CDE News – Strasbourg
The violent developments in Ukraine have dominated discussions during the Conference on the Future of Europe’s plenary session which kicked off in the Alsatian city of Strasbourg on Friday.
Stakeholders from across the continent debated some 90 recommendations drafted by Citizens’ Panels earlier this year.
Reflecting the wider general discussions of achieving EU strategic autonomy in areas such as defence and energy supply, participants pushed for similar European independence for other key assets such as agricultural products, semiconductors, medical products, innovative digital and environmental technologies.
These products “should be better promoted and financially supported to keep them available and affordable to European consumers and reduce dependencies from outside Europe to the largest possible extent”, one of the recommendations said.
Recommendations pushed for support to keep industries and supply chains within the EU, tax breaks, subsidies, an active SME policy as well as education programs to keep related qualifications and jobs in Europe.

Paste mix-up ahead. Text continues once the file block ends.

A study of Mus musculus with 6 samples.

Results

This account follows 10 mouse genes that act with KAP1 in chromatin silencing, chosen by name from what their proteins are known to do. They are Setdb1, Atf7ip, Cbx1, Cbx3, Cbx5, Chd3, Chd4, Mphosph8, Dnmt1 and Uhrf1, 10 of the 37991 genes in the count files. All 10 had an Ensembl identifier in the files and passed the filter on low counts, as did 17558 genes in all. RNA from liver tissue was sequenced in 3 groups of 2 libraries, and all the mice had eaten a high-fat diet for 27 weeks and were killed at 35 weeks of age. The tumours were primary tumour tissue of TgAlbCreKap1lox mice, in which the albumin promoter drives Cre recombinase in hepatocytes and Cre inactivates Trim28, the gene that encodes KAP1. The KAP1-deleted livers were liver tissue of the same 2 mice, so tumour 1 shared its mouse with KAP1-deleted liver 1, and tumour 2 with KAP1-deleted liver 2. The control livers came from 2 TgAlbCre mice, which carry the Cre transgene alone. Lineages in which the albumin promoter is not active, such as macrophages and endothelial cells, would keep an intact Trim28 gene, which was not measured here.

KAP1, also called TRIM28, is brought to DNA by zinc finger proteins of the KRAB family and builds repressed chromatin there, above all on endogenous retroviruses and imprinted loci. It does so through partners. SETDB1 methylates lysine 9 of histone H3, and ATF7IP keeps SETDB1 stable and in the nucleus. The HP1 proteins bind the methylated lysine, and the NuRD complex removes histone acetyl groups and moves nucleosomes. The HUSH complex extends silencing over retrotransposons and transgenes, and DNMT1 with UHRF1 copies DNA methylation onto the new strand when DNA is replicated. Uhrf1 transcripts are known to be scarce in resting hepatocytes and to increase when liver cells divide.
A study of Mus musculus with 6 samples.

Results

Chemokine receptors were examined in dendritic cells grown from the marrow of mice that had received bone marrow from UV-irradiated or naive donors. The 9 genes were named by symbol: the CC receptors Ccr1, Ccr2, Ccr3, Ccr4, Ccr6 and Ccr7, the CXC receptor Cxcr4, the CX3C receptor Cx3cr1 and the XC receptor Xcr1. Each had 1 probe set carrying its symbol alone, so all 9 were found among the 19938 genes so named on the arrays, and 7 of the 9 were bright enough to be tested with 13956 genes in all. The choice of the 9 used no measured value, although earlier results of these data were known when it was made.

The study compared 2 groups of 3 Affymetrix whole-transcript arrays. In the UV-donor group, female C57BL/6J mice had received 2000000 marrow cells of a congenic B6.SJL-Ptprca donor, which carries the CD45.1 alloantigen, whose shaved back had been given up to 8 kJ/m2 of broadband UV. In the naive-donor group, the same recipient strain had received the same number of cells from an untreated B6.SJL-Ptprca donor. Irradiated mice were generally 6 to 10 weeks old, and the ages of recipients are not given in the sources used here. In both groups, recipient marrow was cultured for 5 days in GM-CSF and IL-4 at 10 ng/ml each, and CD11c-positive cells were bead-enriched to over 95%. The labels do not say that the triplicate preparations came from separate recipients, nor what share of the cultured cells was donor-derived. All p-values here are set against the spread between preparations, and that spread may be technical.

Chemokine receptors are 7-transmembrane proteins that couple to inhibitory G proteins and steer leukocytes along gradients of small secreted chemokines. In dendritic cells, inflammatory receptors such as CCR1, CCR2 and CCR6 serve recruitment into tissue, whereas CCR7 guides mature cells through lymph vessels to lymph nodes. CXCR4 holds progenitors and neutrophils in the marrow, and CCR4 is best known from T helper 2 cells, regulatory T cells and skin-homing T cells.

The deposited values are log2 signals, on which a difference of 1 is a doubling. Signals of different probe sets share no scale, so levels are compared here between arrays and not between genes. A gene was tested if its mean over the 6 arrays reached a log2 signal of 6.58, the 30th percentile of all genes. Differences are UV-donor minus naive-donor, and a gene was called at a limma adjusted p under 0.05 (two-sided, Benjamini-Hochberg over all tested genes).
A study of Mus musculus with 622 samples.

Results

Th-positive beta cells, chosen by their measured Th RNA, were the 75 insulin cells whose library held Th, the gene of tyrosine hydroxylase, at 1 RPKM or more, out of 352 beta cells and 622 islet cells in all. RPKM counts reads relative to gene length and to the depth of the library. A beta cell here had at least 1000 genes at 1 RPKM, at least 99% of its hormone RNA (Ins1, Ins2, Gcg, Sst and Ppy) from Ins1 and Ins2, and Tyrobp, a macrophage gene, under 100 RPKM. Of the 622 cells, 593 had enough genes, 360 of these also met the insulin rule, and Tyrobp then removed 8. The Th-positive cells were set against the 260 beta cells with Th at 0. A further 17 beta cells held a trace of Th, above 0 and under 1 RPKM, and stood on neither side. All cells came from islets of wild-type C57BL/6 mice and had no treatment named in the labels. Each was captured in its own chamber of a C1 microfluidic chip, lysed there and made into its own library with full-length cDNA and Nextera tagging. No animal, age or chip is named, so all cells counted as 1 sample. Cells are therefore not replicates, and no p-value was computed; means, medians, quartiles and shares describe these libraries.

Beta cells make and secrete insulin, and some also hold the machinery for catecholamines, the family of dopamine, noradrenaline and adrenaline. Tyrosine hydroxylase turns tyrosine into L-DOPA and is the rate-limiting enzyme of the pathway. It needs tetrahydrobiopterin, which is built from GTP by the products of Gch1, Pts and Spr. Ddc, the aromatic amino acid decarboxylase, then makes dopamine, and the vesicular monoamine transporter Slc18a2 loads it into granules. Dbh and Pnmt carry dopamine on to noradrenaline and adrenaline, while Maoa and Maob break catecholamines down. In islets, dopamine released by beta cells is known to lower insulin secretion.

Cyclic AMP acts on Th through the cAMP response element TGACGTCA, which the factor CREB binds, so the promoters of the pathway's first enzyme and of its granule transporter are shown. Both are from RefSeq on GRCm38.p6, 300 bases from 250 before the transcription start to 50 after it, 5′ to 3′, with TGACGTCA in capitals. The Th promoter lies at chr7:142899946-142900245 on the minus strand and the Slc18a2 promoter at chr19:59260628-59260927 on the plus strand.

A report drawn up by stakeholders working on proposals related to the EU’s role in the world said that Europe has too many dependencies from outside the continent in key areas that have potential for diplomatic conflicts and could result in shortcomings of basic or strategically relevant products or services.
“As production costs in the EU are often higher than in other parts of the world, more active promotion and support of these products will enable and incentivise Europeans to buy competitive European products”, it adds.
Speakers backing this recommendation noted how it will also strengthen European competitiveness and keep future-oriented industries and jobs in Europe. Stronger regionalisation of production will also reduce transport costs and environmental damages.
At the same time, speakers noted that complete independence on specific resources was not realistic.
Janika Ylikarjula from the European Economic and Social Committee said that while European Union needed to spend more on research and innovation activities to enhance its technological readiness, cooperation with third countries was essential with specific resources.
Ylikarjula, who hails from the Confederation of Finnish Industries, remarked that it would an illusion to believe that there could be complete independence on resources such as semiconductors.
In this context, it was imperative for the EU to strengthen its relationship with third countries, such as through trade agreements, to reduce existing dependencies. “New trade agreements would allow the EU to address the current supply-side challenges”, she declared.